As compromised bank accounts, stolen PIN numbers, and leaked celebrity photos have taught us, any device connected to the internet is at risk of being hacked. Self-driving cars are no different.
To be successful, self-driving cars must be constantly connected to the internet. Automated cars get GPS information from the web, including up to date statistics on the fastest routes, accidents, road changes, and other potential issues that might affect driving conditions. Driverless cars will use the internet to locate things like coffee shops and banks for their riders. Through internet-based connections, self-driving cars will talk to each other, allowing them to travel safely together on highways and city streets and report problems (potholes, speed bumps, pedestrians, disabled vehicles) to each other to enhance the traveling experience.
But internet connectivity is not limited to truly driverless cars. Most new cars today are sold with built-in navigation systems, which require internet connections to find routes and receive updated maps. Further, many cars use the internet to offer in-car entertainment options, or even allow riders to connect straight to their email account and/or music streaming account through the car’s computer system. Some cars even offer hot spots for riders to use to connect their own devices to the web.
Clearly, vehicles are becoming more and more connected, and with that connectivity comes the potential for hacking. Hacking is a major safety concern, as hackers experimenting with the potential for car hacking have been able to remotely control many functions of a vehicle, such as the radio, wipers, air conditioner, brakes, and even transmission. Although initial attempts to hack into and control cars required proximity to the vehicle, with hackers sitting in the back seat of the vehicle and actually being plugged into the car itself, more recent attempts have shown that cars can be vulnerable to hackers wirelessly from anywhere in the country. With the right code, hackers may be able to control certain makes and models of vehicles driving in California from their couch in Tennessee. In fact, a 2016 survey of insurers found that hacking and cybersecurity was the greatest concern about autonomous vehicles.
In 2015, two hackers remotely took control of a Jeep in a planned experiment. They turned on the wipers and wiper fluid; they changed the radio; they turned on the air conditioner. While the Jeep was on an interstate, they took control of the transmission and shut it off. Because the driver was aware that the experiment was taking place, he was not injured and was able to maneuver the Jeep down an exit ramp. After resetting the experiment in a safer area, the hackers were also able to disable the Jeep’s brakes, causing it to drive into a ditch. While the hackers never gained steering control, they were able to remotely turn the vehicle into an extremely dangerous tool. To read more about this, go to https://www.wired.com/2015/07/hackers-remotely-kill-jeep-highway/.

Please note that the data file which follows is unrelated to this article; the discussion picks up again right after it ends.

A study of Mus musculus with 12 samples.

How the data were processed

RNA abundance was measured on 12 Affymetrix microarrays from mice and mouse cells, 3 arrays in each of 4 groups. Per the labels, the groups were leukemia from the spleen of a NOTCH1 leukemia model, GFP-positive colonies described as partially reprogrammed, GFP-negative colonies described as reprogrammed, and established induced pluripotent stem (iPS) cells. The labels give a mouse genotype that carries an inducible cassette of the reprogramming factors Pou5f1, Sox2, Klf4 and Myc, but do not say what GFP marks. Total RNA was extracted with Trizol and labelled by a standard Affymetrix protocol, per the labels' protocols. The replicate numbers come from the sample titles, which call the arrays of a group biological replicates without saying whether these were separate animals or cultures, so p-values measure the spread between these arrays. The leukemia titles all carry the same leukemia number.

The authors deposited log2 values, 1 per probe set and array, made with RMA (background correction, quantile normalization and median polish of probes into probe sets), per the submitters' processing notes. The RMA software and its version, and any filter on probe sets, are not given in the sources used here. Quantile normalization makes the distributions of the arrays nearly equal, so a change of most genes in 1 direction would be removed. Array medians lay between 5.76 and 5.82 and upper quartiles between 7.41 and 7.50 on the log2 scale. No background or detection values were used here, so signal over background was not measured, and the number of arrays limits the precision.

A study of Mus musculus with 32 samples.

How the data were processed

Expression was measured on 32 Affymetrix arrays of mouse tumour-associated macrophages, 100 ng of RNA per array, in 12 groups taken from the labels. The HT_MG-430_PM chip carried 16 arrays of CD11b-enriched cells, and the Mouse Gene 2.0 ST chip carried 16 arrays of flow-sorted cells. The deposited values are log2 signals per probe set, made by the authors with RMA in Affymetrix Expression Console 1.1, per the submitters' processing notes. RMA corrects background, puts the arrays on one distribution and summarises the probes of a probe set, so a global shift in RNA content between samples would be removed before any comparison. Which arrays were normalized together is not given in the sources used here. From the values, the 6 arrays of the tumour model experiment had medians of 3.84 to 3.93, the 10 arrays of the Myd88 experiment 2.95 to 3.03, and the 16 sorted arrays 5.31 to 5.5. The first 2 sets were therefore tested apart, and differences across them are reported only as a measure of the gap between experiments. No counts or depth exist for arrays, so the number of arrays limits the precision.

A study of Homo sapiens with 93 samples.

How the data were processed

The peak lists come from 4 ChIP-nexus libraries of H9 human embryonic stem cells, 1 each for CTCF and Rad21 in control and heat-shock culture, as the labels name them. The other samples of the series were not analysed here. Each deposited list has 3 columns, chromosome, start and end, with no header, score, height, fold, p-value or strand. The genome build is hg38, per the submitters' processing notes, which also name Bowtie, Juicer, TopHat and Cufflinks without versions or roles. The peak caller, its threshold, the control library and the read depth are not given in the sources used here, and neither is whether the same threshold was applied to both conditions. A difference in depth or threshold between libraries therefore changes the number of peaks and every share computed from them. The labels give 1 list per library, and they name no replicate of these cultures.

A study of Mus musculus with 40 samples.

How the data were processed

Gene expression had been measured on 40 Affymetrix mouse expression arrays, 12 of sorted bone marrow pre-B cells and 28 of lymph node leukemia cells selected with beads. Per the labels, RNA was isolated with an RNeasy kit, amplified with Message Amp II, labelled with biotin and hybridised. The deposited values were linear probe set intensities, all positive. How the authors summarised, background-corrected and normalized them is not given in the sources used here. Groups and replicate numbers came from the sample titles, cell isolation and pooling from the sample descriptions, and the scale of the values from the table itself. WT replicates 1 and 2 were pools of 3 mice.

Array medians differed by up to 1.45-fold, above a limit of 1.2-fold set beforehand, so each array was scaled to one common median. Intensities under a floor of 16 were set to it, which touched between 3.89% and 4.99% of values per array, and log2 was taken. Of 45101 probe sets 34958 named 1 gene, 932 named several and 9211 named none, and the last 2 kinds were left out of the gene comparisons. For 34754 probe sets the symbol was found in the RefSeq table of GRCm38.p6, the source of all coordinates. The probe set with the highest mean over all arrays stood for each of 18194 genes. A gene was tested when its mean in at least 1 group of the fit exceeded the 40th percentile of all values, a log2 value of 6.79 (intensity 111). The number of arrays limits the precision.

In 2016, these same hackers were able to turn the steering wheel and even activate the parking brake, even when the car was moving at highway-level speeds. This hack, however, required the hackers to be in the car being hacked.
While the Jeep hackers noted that finding a single car and driver using current hacking technology would be difficult, they did believe that it could be done. Greater, though, is the risk that a group could take control of an entire fleet (for instance, all the Jeep Cherokees) and disable them, causing quite the series of accidents and chaos. Or a hacker might try to gain access to an entire fleet of driverless vehicles, such as the fleet of driverless ride service (think Uber or Lyft) or delivery service (a pizza delivery service).
Hacking of self-driving cars, or even cars with more limited internet connection functions, could also be a terrorist target. Terrorists could see hacking into vehicles as a way to create multiple, horrific wrecks at strategic places and thus mass pandemonium.
As with any web-based application, car companies must vigilantly work to identify and patch security issues in their vehicle software. These companies must also find some way to ensure that, if the patches are not automatically installed, car owners actually install them in a timely fashion because a vehicle that can be hacked poses a risk not only to the occupants of the hacked vehicle but others as well. If vehicles are vulnerable to hacking, someone will be smart enough to figure out how to do it, exposing both the rider/driver in the hacked car and the other drivers on the road to great risk.
In late 2016, Volkswagon partnered with three Israeli cybersecurity experts to create a company dedicated to fighting cyber hazards for internet-connected cars. This type of work will be crucial as self-driving cars continue to gain momentum in the market.